Problems of Clay Soils

Soil texture and makeup determine the health and vitality of your garden. Soils are made up of sand, silt and clay, of which sand is the largest soil particle. Silt is made up of slightly smaller particles. Clay has the smallest particles of all, which make the soil compact and dense, and creates certain issues.


Compaction is often caused by wet clay soil that has been pushed down by surface pressure. Soil compaction prevents plant roots from traveling freely through the soil, making it difficult for the plant to get the water and nutrients it requires. Compacted soil that dries will further prevent root growth and may trap roots in place. Nitrogen and potassium deficiency is also endemic in compacted clay soil.

Poor Water Drainage

Compacted, wet clay will prevent the draining of water to other areas. Plants in overly wet soil that will not drain may succumb to root rot, a condition in which wet roots begin to degrade. Plants with root rot cannot absorb nutrients or water, causing them to wilt and die. Poor aeration in clay soil may cause incidence of fungal disease. The wet conditions are breeding grounds for fungal spores.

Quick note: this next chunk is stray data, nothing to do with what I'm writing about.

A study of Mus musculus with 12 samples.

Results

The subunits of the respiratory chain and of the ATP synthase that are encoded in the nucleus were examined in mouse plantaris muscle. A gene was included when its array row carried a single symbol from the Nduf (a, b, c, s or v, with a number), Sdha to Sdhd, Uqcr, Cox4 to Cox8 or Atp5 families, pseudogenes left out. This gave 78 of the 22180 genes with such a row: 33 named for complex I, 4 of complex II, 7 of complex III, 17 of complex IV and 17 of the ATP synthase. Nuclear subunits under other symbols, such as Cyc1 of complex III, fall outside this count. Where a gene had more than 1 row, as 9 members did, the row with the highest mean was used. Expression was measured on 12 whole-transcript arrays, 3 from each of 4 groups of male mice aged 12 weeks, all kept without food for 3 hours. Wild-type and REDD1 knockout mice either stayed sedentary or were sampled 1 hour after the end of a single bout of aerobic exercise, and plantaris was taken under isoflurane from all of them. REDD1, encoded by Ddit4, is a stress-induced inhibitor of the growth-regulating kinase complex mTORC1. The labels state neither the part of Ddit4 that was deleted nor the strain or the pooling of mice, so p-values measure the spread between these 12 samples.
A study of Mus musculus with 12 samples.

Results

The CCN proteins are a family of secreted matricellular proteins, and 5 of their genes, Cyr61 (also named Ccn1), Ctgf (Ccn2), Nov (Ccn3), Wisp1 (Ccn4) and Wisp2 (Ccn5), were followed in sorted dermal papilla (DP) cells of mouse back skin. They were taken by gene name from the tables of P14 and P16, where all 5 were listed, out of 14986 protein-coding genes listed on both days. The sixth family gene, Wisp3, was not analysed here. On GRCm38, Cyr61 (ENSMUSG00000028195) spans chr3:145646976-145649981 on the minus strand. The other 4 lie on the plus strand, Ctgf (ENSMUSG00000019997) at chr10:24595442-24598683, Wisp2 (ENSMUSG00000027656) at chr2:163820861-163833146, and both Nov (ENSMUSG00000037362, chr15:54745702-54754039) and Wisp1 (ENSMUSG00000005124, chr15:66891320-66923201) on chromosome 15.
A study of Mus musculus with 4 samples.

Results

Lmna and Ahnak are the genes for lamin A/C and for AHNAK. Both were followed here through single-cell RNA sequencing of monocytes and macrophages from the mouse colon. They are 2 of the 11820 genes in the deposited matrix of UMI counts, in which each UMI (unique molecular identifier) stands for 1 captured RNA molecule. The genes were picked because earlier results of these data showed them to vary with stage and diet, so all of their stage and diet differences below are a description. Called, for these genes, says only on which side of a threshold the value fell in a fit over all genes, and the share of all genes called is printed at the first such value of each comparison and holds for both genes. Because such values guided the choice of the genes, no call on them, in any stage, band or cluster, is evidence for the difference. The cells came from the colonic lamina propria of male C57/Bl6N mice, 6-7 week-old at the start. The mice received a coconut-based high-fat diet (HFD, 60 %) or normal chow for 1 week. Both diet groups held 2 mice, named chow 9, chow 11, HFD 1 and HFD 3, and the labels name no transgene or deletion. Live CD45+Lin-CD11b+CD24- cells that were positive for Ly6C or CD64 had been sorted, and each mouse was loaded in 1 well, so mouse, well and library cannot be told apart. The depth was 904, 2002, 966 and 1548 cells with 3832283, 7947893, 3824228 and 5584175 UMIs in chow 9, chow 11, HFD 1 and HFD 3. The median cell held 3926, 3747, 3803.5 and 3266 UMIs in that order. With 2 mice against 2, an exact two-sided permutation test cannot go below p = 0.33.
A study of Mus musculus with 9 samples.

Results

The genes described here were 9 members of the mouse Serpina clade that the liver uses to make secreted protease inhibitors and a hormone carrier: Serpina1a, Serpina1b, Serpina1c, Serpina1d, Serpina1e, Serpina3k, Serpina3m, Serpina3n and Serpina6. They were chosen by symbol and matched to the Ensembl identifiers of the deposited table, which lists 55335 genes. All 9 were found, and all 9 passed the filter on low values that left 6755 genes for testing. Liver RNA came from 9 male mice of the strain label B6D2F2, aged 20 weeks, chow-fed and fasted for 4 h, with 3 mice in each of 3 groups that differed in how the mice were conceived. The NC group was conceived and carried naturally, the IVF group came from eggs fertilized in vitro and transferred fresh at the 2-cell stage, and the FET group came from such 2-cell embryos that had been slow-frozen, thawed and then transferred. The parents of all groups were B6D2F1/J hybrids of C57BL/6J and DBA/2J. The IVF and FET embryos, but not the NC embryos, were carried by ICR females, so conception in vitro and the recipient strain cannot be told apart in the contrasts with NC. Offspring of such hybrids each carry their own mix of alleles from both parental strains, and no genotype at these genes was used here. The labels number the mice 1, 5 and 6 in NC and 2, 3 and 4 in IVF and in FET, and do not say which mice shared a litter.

Fertilizer requires space and drainage to spread effectively throughout the soil. Compacted clay soils will not take applications of fertilizer as effectively as soil that is aerated and porous. This potentially will cause fertilizer to concentrate in areas of the soil that drain better, causing fertilizer burn to plants in the lawn or garden.

Keywords: clay soil, clay problems, clay soil issues

About this Author

Cleveland Van Cecil is a freelancer writer specializing in technology. He has been a freelance writer for three years and has published extensively on, writing articles on subjects as diverse as boat motors and hydroponic gardening. Van Cecil has a Bachelor of Arts in liberal arts from Baldwin-Wallace College.